I am getting ready to install a wood fence. My problem is I have soil that is mostly clay. What is the best method to install posts in poor draining clay, giving me the best longevity?


When I redid my fence 2 years ago, I went with PostMaster metal posts (http://contractors.masterhalco.com/Contract.nsf/woodpostmaster). They weren't substantially more than a good PT post at Home Depot. You can also easily wrap them with a picket so you don't see metal.

I dug the holes about 30" deep, then just drove the posts into the dirt til they were the right height - much easier than cutting them. You could put a couple inches of pea gravel in the hole, but I just did concrete. My hope is that even if I have to rebuild the fence in 20 years, I'll never have to replace the posts.

  • Great suggestion. I wonder if a product like this even needs a dug hole, or if they could be simply driven (assuming an absence of large rocks/impediment) – BrownRedHawk Mar 13 '15 at 19:40
  • @BrownRedHawk - I think you'd want to give it some mass around the base (e.g. concrete). Maybe if you had an 8' post and drove it 4' it'd be okay, but that's a lot of post to drive. And my experience with driving these is that the top deformed somewhat (it was very hard to hit it dead-on) – Drew Mar 13 '15 at 21:46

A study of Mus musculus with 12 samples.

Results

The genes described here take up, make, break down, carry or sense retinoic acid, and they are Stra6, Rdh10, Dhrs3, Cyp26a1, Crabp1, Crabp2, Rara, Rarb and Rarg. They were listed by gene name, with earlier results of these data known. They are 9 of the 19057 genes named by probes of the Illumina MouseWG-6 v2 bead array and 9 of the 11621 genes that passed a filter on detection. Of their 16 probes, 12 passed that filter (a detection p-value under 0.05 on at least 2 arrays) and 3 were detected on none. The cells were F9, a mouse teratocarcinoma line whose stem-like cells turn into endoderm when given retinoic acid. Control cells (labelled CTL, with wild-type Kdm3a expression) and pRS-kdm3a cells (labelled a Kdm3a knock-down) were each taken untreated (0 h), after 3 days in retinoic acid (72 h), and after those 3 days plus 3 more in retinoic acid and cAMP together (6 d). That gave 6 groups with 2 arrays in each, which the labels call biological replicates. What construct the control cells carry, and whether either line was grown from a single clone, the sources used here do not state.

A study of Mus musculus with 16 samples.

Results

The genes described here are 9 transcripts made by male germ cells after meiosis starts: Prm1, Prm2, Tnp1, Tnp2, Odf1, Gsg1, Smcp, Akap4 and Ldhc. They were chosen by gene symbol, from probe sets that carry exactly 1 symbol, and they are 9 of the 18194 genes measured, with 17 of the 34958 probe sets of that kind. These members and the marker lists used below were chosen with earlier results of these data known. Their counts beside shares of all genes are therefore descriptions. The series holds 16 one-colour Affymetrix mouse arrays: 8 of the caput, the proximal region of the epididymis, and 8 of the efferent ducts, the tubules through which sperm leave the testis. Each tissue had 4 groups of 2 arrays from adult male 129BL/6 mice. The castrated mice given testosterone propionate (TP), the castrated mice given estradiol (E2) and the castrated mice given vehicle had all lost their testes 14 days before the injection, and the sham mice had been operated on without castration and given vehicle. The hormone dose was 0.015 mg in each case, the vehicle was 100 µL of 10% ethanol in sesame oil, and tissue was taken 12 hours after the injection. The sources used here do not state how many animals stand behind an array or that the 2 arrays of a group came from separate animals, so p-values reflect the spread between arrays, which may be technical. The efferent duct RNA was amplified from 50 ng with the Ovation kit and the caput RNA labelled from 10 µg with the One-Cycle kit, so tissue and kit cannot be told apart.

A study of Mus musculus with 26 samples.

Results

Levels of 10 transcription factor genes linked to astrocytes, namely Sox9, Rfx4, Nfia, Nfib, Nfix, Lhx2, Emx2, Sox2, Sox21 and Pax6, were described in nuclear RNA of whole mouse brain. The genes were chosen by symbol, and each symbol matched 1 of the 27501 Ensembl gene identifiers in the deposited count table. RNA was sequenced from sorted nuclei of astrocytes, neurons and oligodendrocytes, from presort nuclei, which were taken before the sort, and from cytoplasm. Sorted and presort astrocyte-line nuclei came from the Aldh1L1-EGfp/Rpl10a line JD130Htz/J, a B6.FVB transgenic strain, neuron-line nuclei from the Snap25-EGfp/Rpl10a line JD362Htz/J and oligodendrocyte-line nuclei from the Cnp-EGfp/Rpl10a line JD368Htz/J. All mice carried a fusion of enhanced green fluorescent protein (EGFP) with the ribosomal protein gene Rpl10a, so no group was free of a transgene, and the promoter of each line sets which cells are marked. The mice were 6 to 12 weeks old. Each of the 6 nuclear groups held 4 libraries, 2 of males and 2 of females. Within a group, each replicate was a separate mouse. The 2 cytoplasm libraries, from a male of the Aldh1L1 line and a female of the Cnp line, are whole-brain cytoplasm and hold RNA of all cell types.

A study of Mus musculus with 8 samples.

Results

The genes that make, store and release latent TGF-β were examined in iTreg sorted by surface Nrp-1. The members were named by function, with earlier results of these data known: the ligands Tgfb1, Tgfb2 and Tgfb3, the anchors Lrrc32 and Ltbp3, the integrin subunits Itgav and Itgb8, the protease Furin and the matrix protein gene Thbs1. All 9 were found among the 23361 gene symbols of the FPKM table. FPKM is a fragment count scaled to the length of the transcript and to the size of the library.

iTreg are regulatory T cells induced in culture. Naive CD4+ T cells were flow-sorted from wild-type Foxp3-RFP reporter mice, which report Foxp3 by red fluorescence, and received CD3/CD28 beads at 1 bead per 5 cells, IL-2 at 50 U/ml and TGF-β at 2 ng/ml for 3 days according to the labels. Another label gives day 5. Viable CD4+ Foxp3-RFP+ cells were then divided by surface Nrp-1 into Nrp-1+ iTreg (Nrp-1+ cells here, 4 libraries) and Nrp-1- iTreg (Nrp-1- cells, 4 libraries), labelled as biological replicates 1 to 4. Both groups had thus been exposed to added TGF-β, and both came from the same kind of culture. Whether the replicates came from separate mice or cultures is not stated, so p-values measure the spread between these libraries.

I have installed a few posts over the years. I am currently using this method. All my Corner, Gate, H bracing, posts. I applied Drive way sealant on them. 4 feet from bottom. I have 1 foot above ground. 3 feet in the ground. Now... My understanding is todays salt pressure treated wood has a negative chemical reaction to todays concrete. So you get post breaking at the soil/grade level. So my answer is to seal the bottom 4 foot of your posts, with driveway sealant. Put a little gravel at the base of your hole. Add your concrete, and fill to a cone shape above ground. Any input is appreciated. Its a new method for me.